It Begins with Why

You have probably heard of them but do you know the ‘why’ behind them?

Being specific is more than being descriptive. Make the big goal and then create smaller goals that feed directly into the bigger goal. For instance, I want to maintain healthy blood pressure without adding to my current list of medications, by walking, running, and swimming (big goal).
I will walk for 30 minutes Monday – Wednesday at 5:30 p.m. (A smaller goal that feeds into the bigger goal.)

What will prove that you are making progress? This is where you can track. If you don’t like tracking, ask yourself, “How will I measure my progress?” Then, evaluate when necessary.
Maybe you decide to track your mood, body composition, energy levels, tests, etc. as clear indicators of your progress.

Make sure you can accomplish this in a reasonable time frame.
Congratulations on being multi-talented but this isn’t something you can accomplish in one week. Show yourself some grace when constructing a time frame.

Realistic (I prefer this over relevant.)
Your goals should align with YOUR values and long-term objectives.
If a quick fix doesn’t align with your values then a diet pill is not the answer. Also, identify any hurdles including family and friends who are not supportive of your goals.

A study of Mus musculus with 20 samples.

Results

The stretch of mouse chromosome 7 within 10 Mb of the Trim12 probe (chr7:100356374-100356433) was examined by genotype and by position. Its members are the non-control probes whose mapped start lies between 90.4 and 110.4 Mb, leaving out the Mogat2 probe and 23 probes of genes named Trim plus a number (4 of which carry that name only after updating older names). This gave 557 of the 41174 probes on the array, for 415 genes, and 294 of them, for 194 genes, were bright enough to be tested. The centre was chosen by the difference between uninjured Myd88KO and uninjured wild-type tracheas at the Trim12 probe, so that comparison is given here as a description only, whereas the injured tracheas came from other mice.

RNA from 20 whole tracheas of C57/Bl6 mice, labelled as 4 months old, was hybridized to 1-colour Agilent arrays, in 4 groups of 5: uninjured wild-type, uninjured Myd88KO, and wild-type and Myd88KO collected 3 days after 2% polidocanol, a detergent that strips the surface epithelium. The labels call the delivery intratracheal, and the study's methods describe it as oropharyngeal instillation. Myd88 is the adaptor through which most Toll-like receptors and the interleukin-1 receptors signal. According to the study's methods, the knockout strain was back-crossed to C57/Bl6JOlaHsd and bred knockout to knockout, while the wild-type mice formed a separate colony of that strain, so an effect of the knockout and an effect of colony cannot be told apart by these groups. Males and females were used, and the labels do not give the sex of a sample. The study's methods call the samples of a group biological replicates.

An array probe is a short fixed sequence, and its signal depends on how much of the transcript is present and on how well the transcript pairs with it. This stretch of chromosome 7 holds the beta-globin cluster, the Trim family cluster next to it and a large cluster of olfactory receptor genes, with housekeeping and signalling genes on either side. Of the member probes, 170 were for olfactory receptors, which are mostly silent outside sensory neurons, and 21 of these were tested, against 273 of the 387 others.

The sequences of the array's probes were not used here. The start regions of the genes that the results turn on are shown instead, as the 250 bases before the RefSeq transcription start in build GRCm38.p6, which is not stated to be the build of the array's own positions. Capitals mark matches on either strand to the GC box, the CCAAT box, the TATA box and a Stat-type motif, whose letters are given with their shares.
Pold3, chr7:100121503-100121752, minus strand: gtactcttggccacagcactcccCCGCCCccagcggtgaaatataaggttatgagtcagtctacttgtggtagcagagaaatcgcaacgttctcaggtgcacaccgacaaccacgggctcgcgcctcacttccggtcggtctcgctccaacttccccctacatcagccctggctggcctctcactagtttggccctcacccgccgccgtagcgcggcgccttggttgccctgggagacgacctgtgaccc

Set a realistic and ambitious end date so you can prioritize and celebrate those wins! Someday is not a real day.

Setting the intention is not enough. You need a strategy. Even with my workouts, I strategize. What am I training for? What areas are feeling a little tight? Mental health is the greatest factor.

How does wellness feel to you?
What does “good health” look and feel like in your body?
A need to take medication shouldn’t be frowned upon. However, not relying so heavily on it can be a motivator.

There’s so much more than time in the way of our goals. SMART goals not only keep you on track. They also keep you honest and accountable to you.